Writing by Shannon Clark
Allen Stern has asked me to cover Ad:Tech 2007 for him, I had already planned on attending the exhibit hall portion of Ad:Tech because every advisor for my new venture, Nearness Function, which is an ad network for the publishers of dynamic content, had told me that Ad:tech NYC is the place to be and perhaps the most valuable conference for me to attend this fall.
The post-keynote Apple ( Nasdaq: AAPL ) buzz is all about the new MacBook Air and yes it is thin & sexy. Already my friends are tweeting about orders for them, in some cases for multiple. I’m absolutely in the target audience for the new Air, I try to always buy an even lighter laptop than my last one and there are very few laptops with full sized keyboards which are as light as the MacBook Air and certainly very few indeed that come anywhere close in terms of the sheer design elegence. That said it is certainly not without some issues to quibble about, my current laptop does not have EVDO built in, though it was an option, and I do have a slot in which I could add an EVDO card (which I expect I’ll do later this year). Likewise though I didn’t realize that this machine came with it when I ordered it, I do have an SD card reader as well, a feature I use quite frequently and which saves me from carrying (and losing) another cable to pull photos from my camera.
There are ad:tech exhibitors spread across three floors worth of ballrooms at the Hilton New York.
The presentations started this afternoon at Ad:Tech NYC with opening remarks by Drew Ianni the chairman of AdTech Expositions. After his remarks, he introduced Nick Brien, the worldwide CEO of Universal McCann. A few highlights from the opening remarks.
Part one – The State of the Industry, presented by the IAB
This is my first full breakfast to late night parties Ad:Tech . While my startup is in the ad industry, my background is very much on the technology side of the internet, more so than the online marketing/advertising side or the traditional agency part of the ad industry. As a result here are a few observations I have made of the show, a few minor corrections to my previous posts, and an exploration of what this blogger/entrepreneur did on Tuesday other than walk the exhibit hall and catch the keynote presentations.
ad:tech San Francisco has started, the booth babes are here in more than full force and the buzzwords are flying fast and furious. As I twittered at one point in the show earlier today, it seems a requirement that at least three buzzwords be used in any sentence, especially in answer to a question by a member of the press.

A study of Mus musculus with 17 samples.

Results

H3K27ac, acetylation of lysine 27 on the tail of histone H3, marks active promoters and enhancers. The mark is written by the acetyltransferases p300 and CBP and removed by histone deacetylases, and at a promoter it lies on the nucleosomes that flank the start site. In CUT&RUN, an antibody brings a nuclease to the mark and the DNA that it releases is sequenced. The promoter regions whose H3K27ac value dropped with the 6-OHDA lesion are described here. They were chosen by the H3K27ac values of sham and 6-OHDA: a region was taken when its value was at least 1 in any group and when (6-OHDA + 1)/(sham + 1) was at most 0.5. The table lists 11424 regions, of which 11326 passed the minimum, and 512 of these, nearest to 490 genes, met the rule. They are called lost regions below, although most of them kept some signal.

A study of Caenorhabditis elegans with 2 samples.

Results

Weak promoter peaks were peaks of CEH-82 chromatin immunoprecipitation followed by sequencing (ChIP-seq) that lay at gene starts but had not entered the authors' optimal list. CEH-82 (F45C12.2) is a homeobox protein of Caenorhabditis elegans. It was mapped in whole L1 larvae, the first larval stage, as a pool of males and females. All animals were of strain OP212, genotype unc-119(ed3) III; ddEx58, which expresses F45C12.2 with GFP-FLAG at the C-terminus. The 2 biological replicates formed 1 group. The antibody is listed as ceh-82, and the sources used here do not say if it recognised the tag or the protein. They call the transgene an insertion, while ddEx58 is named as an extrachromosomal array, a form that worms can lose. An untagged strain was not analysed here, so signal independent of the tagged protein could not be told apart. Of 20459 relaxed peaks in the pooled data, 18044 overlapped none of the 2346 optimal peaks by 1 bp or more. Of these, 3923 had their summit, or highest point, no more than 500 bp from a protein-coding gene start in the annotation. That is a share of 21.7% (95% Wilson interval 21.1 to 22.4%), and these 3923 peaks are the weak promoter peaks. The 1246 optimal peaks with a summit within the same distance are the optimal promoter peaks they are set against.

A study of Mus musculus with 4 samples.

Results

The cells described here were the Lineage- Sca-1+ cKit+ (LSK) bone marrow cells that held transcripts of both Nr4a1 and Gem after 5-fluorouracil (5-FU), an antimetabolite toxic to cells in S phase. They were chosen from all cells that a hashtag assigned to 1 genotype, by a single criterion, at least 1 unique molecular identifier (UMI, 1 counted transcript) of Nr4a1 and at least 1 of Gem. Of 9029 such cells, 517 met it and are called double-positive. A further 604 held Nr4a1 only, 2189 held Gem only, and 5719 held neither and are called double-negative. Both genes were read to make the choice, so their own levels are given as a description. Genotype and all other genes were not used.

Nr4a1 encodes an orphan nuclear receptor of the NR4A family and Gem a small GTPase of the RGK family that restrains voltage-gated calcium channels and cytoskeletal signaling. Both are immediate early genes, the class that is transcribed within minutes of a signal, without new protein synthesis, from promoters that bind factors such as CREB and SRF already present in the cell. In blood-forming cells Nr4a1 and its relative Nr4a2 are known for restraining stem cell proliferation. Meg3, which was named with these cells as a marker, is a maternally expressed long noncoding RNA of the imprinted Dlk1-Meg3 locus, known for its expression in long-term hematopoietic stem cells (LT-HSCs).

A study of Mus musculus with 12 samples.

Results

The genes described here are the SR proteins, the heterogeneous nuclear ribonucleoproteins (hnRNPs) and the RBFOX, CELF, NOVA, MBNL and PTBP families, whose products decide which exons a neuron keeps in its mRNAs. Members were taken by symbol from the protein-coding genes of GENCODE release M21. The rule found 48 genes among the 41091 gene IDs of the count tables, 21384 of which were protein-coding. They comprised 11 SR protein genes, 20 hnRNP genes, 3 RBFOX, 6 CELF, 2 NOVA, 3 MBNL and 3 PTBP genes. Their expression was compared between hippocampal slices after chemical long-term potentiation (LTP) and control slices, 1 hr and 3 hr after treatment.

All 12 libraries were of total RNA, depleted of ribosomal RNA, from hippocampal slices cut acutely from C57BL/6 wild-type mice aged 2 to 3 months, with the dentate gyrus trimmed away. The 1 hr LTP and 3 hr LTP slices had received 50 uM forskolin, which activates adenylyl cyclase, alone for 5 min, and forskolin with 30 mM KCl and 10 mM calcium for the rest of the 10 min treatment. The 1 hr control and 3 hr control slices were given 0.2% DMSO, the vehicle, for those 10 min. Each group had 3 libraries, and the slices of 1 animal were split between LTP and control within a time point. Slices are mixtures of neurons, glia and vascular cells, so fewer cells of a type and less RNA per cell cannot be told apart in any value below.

At ad:tech San Francisco many of the exhibitors hired "Booth Babes" to promote their products and services to attendees. In most cases these "booth babes" not only worked the booth but also walked the exhibit hall and outside of the hall to promote the company. And to watch the crowds to an extent this form of promotion did work on the largely – but not no means at all only – male crowd.
In May, James Thomas noted five reasons that Twitter sucks .
Can you spot what is missing from this photo? click for larger
As I sit listening to Kevin’s opening talk at Supernova, a talk about why he started Supernova and why the name – about the creative destruction, the end and the beginning. Then next we’re listening, as I type this, to Clay Shirky talking about his book Here Comes Everybody but also about his thoughts after having finished the book. In particular he talked about the need for social density to create the environment for collective action, in particular he talked multiple times about what it takes to make it possible to have a Barn Raising.
Although I am an entrepreneur, for the past two weeks I have also been active press as I covered parts of Ad:Tech San Francisco and Web 2.0 Expo also here in San Francisco. Having done this for the past two weeks as well as a few earlier conferences, I have learned a few lessons and would encourage all entrepreneurs to spend some time working as a member of the press.
This year the Web 2.0 Expo ( our coverage ) in San Francisco has been a bit akin to SXSW, but in San Francisco.
Around the Moscone Center in San Francisco where the Web 2.0 Expo is being held are numerous great spots to help the conference attendee. However there are also even more spots which cater to tourists and convention attendees, that alas do not have great food or service.